A home juice extractor can make it quick and easy to make homemade juices from fresh fruit and vegetables.
If you’ve been following my small kitchen appliance reviews, you have caught on by now that I’m far from being a minimalist in the kitchen. I like my gadgets.
Better yet, I like having the right tool for the job.
Until I started this series, I honestly didn’t realize how many small appliances I actually owned! Hmmm….
While I’ve had my share of small kitchens and minimal storage space, our current kitchen is pretty large. I don’t really want to be bogged down by lots of stuff, but there are some kitchen appliances that really do make my life easier. That means they are worth the kitchen real estate they consume.
One newcomer to the scene over the last year is my juice extractor.
Why a home juicer?
Over the last couple years, I’ve received a weekly produce delivery from Abundant Harvest Organics. For $36 a week, I receive all the fresh produce my family of 8 can eat. We rarely use it all up before the week is out. But, I hate waste! I’ve had to be creative to avoid that.
Last summer when I had peaches coming out my ears, I started investigating juicers. In the fall I took the plunge.
Making homemade juices has been a fun learning experience for both me and the kids. We try different combinations of fruits and vegetables depending on what’s in season. I can’t wait for peaches to arrive again!
At our house, homemade juices serve as a supplement to what I hope is a healthy diet. I’ve been trying to reduce our overall sugar intake thanks to my experience on the Whole 30.
Juicing has become a refreshing alternative to the sports drinks and punches my kids might otherwise request. (It doesn’t stop them from requesting them, but it’s a favorable consolation prize that is quickly gaining preeminence over the junky stuff.)
Use of a juice extractor
I found that learning to use the juicer is pretty simple. Though I am usually loathe to read the instructions, I did read the manufacturer’s booklet that came with the machine.
I usually collect my choice of fruits and vegetables in a bowl, scrub them well with a brush and vinegar spray, and then trim off parts that I wouldn’t eat if they were for fresh eating. I’m diligent about trimming bruises and the like to preserve the integrity of the juice.
Then I just feed it through the machine. The kids have loved almost everything we’ve tried, though they shy away from too much celery, not yet embracing its salty taste. I recently found out that their buddies who live next door also get a daily dose of homemade juice which makes it fun for us moms to swap notes.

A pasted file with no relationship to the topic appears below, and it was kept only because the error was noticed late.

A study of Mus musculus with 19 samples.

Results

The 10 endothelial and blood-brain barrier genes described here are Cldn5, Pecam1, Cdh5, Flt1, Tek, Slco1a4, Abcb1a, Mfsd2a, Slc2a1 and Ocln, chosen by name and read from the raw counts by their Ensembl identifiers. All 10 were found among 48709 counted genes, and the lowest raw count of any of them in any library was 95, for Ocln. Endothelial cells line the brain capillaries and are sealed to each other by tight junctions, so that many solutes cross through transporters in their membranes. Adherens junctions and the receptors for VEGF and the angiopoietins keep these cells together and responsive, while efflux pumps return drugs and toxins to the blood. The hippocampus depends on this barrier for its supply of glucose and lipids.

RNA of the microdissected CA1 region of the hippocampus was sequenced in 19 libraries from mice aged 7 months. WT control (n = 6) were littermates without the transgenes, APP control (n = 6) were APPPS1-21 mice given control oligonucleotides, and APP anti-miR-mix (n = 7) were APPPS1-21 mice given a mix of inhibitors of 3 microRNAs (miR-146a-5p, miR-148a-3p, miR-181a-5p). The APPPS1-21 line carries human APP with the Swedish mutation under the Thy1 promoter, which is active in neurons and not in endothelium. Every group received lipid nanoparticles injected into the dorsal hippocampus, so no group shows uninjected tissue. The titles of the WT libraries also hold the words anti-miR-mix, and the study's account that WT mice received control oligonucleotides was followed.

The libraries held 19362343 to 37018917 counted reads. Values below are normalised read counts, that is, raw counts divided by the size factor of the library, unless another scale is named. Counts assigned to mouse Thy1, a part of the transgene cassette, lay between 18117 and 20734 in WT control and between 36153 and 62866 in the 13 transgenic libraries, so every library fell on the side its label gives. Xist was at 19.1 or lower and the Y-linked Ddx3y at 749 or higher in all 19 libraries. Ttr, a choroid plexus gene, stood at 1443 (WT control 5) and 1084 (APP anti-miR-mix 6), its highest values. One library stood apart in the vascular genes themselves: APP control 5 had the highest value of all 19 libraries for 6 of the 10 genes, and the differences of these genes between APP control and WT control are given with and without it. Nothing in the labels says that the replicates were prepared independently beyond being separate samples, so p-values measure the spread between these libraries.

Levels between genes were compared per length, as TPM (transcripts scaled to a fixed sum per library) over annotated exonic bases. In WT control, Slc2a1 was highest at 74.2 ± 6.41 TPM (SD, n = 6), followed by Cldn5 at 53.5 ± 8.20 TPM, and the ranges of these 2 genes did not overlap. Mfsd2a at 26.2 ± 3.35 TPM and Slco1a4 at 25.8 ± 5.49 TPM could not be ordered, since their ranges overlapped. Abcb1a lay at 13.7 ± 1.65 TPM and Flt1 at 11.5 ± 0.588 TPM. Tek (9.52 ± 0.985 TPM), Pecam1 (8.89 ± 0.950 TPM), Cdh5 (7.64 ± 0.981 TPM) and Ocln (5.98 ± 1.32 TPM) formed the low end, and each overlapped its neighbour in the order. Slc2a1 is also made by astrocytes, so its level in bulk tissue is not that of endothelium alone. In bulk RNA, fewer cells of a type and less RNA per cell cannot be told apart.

One of our favorite juice blends is this one, Carrot Apple Juice with Ginger. This juice is packed with healthy goodness: beta carotene from the carrots, vitamin C from the apples, and antioxidants from the ginger. Using different varieties of apples will give different nuances of flavor to the juice. This juice is also great for fighting off colds.
Care and storage
It’s imperative that you wash your machine out immediately. If you do it right away, it will only take a few minutes. If you wait, well, imagine the baby’s high chair the next morning after you forgot to wipe it down after last night’s dinner. It’ll be a gummy mess!
I usually line the pulp basket with a bag for easy cleaning later. I use a zip top bag if I’m going to use the pulp in baking, which allows me to just toss it in the freezer until I’m ready to bake. I use a recycled grocery bag if I’m going to discard the pulp.
(I save fruit and carrot pulp for baking, I toss the very green pulp, but you could compost it if you’ve got that set up at your house.)
I rinse most of the other parts with very hot water and give them a scrub if needed.
The juicing basket, of course, is the messiest part. I typically let it soak in a bowl of soapy water for a few minutes and then scrub it with the brush that came with the machine.
Purchasing a machine
Ours is a Breville Juice Fountain Plus. Again, consider buying one at Bed, Bath, and Beyond with one of their 20%off coupons. There are many, many juicers to choose from. I love this model for how easy it is to assemble and take a part.
Last fall I tried out the cheapest model that Walmart carried. I couldn’t even find it online. It worked well, but it was really difficult to take apart. If something is hard to clean, you probably won’t use it that often. So keep that in mind.
Friends have recommended I get an auger-style masticating juicer (like this or this), but I’m just not up for that price point. Those typically get more juice from the produce, thus reducing waste. However, I’ve read enough good thing about the Juice Fountain that I feel it’s a good move for our family. I save the pulp for baking whenever I can to cut out the waste issue.
And yes, I’m a PC girl, not a Mac lover, either. 😉
- 4 carrots
- 3 apple
- 1/4 to 1/2-inch slice fresh ginger root
- Scrub the produce well. Trim as you would for fresh eating. Juice according to the machine manufacturer's recommendations.
Nutritional values are approximate and are based on 1/2 of the recipe. Refrigerate leftovers promptly and use within 4 days.
What’s your experience with a juice extractor?
Love it or hate it? Let us know in the comments.